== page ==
Building peace, one conversation at a time
The first thing you might notice is the table in the corner.
Within the cozy North Gallery of the Petaluma Arts Center, where a one-of-kind exhibit currently offers a look at the life and legacy of the visionary artist-activist Sami Sunchild, the small round table with two chairs is much more than what it seems. Its intimate, conversation-enabling arrangement perfectly encapsulates Sunchild’s belief that many solutions to large problems begin with two people sitting down and talking.
Titled “Towards a Movement of Peace: Then and Now,” the exhibit runs through Sept. 9. Another exhibit, “Laws of Nature: Sculpture,” is running concurrently in the adjacent G.K. Hardt Gallery. The show is a blend of Sunchild’s paintings – strikingly colorfully examples of activist art, often containing words and phrases onlookers must sometimes search to find – and artifacts from her life, with an explanation and celebration of the work of the Peaceful World Foundation.
“Sami dedicated the last 30 years of her life to peace-building work,” explained Heidi Majano, executive director of the Peaceful World Foundation, the organization that was founded to extend Sunchild’s vision and continue her work following her death in July of 2013. The exhibition, created as a tribute to the legacy of Sunchild, also serves as a visual celebration, marking the 10-year anniversary of the Peaceful World Foundation.
Currently headquartered in the McNear Building in Petaluma, the foundation’s roots are in San Francisco, where Sunchild owned and operated the iconic Red Victorian Bed and Breakfast Peace Center, on Haight Street, beginning in 1977. Described on the foundation’s website as “an international peace hub attracting people from around the world to connect over breakfast conversations,” the Red Victorian – to anyone who ever dropped by for a coffee in its ground floor Peace Cafe or stayed in one of its eccentrically decorated rooms – was a an open-hearted labor of love for Sunchild. Her regularly scheduled, Sunday morning conversations about peace became a main attraction of the place, with thousands participating in them over the years.
Sunchild, who relocated to San Francisco after the dissolution of a commune she’d founded in Hawaii, dedicated herself to the art of peace, which she believed came through recognizing the humanity in each other, often only understood through the sharing of stories.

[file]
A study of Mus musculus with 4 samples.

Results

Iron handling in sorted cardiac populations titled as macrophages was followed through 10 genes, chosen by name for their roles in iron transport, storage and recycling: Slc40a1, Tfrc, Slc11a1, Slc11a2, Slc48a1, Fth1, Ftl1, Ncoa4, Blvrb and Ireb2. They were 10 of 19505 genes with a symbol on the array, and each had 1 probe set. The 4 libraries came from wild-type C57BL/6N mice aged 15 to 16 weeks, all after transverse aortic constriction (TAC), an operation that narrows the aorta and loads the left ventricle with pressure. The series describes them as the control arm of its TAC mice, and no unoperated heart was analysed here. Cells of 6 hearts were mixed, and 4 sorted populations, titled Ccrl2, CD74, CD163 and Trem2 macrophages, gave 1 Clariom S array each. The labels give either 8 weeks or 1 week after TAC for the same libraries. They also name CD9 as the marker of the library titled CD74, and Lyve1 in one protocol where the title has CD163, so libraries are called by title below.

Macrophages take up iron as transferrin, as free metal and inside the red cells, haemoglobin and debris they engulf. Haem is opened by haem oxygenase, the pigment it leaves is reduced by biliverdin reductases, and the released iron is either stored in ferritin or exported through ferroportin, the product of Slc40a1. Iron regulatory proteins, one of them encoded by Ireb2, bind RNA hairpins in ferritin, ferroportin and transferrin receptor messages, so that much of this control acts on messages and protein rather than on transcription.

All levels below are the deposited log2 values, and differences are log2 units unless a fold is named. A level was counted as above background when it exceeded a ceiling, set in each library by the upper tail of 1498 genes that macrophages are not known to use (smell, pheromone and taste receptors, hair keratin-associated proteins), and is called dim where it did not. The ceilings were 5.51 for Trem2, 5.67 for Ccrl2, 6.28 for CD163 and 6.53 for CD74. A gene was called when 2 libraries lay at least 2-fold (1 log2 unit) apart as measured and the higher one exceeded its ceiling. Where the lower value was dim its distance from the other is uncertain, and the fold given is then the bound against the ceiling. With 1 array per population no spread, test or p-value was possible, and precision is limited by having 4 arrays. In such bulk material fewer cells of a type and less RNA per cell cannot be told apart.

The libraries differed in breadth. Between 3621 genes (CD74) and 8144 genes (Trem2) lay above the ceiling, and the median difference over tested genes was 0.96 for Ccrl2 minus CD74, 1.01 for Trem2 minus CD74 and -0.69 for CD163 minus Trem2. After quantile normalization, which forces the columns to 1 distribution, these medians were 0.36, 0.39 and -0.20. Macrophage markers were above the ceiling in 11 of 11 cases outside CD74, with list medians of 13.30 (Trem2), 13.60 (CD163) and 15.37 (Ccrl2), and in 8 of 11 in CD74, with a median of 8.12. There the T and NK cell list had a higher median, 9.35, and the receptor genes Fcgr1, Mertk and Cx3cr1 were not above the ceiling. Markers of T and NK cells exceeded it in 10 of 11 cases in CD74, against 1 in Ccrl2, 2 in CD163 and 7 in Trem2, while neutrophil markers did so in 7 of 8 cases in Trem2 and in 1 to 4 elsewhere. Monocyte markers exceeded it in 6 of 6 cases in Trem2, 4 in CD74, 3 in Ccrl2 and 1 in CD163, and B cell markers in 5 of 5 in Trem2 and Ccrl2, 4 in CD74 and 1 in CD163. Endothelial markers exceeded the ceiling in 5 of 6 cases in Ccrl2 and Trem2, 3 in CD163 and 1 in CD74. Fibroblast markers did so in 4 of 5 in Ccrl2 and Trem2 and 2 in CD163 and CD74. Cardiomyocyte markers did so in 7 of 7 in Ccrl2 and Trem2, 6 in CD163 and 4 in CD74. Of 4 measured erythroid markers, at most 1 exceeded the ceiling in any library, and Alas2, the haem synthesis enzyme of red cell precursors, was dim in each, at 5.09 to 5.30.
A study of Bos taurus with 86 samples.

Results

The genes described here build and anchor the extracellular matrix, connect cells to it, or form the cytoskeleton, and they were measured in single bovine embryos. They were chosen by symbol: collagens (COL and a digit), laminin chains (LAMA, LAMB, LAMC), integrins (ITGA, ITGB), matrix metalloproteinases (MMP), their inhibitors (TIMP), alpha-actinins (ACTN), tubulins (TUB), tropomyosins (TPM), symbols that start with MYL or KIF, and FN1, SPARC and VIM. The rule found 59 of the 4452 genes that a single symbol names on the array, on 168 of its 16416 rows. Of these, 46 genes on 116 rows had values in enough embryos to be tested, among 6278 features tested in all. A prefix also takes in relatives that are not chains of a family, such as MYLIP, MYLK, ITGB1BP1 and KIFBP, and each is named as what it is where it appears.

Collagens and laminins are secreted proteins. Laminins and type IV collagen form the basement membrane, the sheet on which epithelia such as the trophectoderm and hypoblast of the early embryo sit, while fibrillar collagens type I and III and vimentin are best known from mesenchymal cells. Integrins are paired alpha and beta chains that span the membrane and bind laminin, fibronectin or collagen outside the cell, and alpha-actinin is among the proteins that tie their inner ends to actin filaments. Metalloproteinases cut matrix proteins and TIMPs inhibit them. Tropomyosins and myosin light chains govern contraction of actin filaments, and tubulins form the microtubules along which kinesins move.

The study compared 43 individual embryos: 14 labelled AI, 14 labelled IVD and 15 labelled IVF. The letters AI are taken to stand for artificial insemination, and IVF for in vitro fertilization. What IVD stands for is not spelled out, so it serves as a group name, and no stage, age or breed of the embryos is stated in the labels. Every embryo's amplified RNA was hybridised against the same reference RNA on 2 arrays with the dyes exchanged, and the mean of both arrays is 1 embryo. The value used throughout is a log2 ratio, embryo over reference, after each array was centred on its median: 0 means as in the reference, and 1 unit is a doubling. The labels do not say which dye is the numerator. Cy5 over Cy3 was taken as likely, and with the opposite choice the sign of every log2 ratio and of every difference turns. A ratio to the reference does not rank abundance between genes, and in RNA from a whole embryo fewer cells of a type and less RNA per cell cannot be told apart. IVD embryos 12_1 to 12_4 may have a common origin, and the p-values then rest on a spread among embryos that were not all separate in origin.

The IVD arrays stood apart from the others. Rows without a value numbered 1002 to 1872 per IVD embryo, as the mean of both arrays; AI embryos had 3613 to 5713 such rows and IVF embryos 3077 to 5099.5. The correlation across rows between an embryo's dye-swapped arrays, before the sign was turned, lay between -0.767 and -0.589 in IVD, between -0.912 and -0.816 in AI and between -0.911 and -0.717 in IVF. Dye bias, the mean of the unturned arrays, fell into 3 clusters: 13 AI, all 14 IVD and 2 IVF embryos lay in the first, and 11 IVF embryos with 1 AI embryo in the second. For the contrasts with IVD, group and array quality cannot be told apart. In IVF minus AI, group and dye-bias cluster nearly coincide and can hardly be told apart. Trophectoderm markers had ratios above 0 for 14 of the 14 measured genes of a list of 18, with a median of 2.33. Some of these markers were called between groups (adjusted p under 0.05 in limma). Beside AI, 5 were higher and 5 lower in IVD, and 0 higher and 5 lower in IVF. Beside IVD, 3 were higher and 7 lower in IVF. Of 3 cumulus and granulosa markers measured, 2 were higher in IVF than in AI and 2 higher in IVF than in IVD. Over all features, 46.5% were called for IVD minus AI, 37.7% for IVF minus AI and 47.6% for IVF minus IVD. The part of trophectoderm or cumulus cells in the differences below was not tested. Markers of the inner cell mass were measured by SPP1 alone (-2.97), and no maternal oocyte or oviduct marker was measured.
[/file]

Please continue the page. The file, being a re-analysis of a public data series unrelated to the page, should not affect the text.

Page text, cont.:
“She would begin conversations by asking people, ‘What do you see outside your window?’” Majano said. “And after everyone shared whatever it is they could see, Sami would say, ‘Let’s pause for a moment, for those who do not have a window, who do not have a home.’”
The exhibition at the Arts center begins with a display about the origins of the Peace Symbol, giving credit to English artist Gerald Holtom, who created the symbol for a nuclear disarmament march in 1958, combining the semaphore flag positions for N (nuclear) and D (disarmament) into one image.
Accompanying the text is an absorbing array of historical photographs, selected by Majano and co-curator Peggy Sebera, showing the peace sign in use during rallies and protests around the world. In the center are three vibrant examples of art pieces by Sunchild, vividly featuring the peace symbol.
“She told me she would use the peace symbol as a vehicle to talk about peace,” said Majano. “She’d ask, ‘What is Peace? What is art? What role do they play in your life?’ Her archives are full of paintings with peace symbols. That’s when I started digging into its history. There’s so much I didn’t know.”
Another display gives a brief history of the Red Victorian Hotel (originally named the Jefferson Hotel, and later the Jeffrey-Haight), which was built in 1904 and somehow survived the great San Francisco earthquake of 1906. Majano and Sebera have included photos from inside the hotel – pictures of the rooms, the downstairs café and especially the guests gathered together in conversation circles. There are charming examples of artfully-crafted Guest Book notes left by visitors, describing what their visit meant to them and thanking Sunchild for the experience. Particularly powerful are a few notes written by guests who happened to be staying there during the events of Sept. 11.
One note, signed “Aurora from Hawaii Island,” reads, “Together at Red Vic we grieved & comforted each other w/tears, smiles & hugs ...” Another reads, “Far from our home in NYC, we found comfort as the tragedy unfolded Tuesday morning. Still in much shock, we return today with a sense of peace from our stay & time at the Red Vic and the people we met in S.F.”